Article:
Being available 24/7 - is it good for you?

It's a 24/7 world, or so the media tells us. Facebook, Twitter and Instagram are a few of the social media platforms that demand our attention - both day and night. How many of you reading this article actually turn off your mobile phone at night? Or is your sleep disturbed by the pings of incoming messages?

What is so urgent? Is it really so important that you can't deal with it tomorrow, once you have rested and recharged your batteries? How many of us have 'tools' from our employers such as laptops or smart phones which are supposed to help us do our jobs? Is it really a help or does the expectation become that once you have the mobile or the laptop you are available 24/7 and will respond to emails whatever the time?

I'm inviting you to set yourself a challenge. Can you turn your mobile phone off when you go to bed, even for just one night - whether it's your personal phone or a work one? Not just onto silent, but completely off. Have a mobile/tablet/laptop free bedroom and feel the difference when you wake up.  Go on, give it a try.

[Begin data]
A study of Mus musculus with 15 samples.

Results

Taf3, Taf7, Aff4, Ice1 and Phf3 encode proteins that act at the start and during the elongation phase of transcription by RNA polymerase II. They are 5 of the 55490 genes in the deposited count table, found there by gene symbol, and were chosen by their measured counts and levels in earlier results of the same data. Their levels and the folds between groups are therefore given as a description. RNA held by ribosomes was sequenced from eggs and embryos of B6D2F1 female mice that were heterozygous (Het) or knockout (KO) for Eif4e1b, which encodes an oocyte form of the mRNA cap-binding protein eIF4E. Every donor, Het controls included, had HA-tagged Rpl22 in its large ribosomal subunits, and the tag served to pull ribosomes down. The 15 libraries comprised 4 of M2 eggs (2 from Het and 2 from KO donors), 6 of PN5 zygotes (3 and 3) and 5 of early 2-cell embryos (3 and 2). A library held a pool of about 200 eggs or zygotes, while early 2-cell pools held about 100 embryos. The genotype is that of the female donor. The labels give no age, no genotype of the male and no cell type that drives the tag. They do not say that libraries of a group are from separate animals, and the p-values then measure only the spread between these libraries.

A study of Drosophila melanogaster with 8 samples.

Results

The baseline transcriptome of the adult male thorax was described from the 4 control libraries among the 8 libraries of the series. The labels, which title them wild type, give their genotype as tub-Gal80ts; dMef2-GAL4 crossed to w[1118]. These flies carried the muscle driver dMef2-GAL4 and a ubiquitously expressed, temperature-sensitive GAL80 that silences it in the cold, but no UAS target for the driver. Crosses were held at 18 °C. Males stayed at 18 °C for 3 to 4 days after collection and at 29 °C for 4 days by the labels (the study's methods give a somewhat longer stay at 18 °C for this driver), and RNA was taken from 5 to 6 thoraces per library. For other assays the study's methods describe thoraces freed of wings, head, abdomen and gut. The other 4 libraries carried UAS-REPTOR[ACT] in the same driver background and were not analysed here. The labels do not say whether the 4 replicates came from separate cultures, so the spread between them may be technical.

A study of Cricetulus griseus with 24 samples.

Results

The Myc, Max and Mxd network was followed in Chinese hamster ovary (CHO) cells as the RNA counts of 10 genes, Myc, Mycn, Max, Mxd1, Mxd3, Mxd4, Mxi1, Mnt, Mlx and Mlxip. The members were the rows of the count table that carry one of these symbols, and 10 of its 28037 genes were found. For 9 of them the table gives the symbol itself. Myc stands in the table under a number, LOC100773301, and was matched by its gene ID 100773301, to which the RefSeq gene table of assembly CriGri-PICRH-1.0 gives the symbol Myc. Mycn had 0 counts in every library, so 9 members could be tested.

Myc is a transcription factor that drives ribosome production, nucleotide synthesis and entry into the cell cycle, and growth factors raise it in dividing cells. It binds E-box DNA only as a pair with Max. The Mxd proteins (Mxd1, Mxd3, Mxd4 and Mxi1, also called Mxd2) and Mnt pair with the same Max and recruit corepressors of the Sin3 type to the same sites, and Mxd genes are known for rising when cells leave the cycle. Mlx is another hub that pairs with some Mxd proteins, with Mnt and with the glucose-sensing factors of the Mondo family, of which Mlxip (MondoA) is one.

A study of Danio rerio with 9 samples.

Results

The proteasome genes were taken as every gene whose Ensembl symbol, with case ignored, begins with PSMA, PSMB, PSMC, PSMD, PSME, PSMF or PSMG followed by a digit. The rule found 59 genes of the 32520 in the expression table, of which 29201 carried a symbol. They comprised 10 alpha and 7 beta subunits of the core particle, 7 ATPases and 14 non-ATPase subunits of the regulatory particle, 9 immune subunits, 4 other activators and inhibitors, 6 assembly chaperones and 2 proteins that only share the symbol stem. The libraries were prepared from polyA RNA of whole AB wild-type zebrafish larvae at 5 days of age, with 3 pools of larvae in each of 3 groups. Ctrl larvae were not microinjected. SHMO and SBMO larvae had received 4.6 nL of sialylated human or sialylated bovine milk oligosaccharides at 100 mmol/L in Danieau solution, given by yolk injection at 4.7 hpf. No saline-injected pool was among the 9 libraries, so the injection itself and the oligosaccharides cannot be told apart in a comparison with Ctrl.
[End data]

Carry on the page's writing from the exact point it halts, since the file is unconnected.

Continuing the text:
How many times have you been in a social situation and see the people around you staring down at their phones, rather than engaging with the friends and family that surround them? Even sadder is seeing a family out on a trip when the adults are glued to their phones looking at the latest posting on Facebook or Twitter, ignoring the children who are trying to get their attention.

If you can manage the 'no phone at night' challenge, perhaps you'd like to try this...

Arrange a get together with a group of friends but tell them in advance that it's a 'mobile free' gathering. No Facebook or selfies; offer it as an opportunity to everyone to talk without being interrupted, and to be listened to. How amazing will it be?

Don't get me wrong, I like and use social media - in moderation. I'd prefer a conversation with a real person any time though.

Even if you disagree with me, it may provoke you to have a conversation with someone about it!

Whether you are struggling to switch off from your busy schedule, or you have an addiction to social media, a therapist can help offer you support.

The views expressed in this article are those of the author. All articles published on Counselling Directory are reviewed by our editorial team.

Written by Rowena Slater, Anxiety Counsellor
Plymouth, Devon, PL9

Person centred counsellor working in private practice. I specialise in working with young people and adolescents, particularly those with anxiety and stress related to school and college.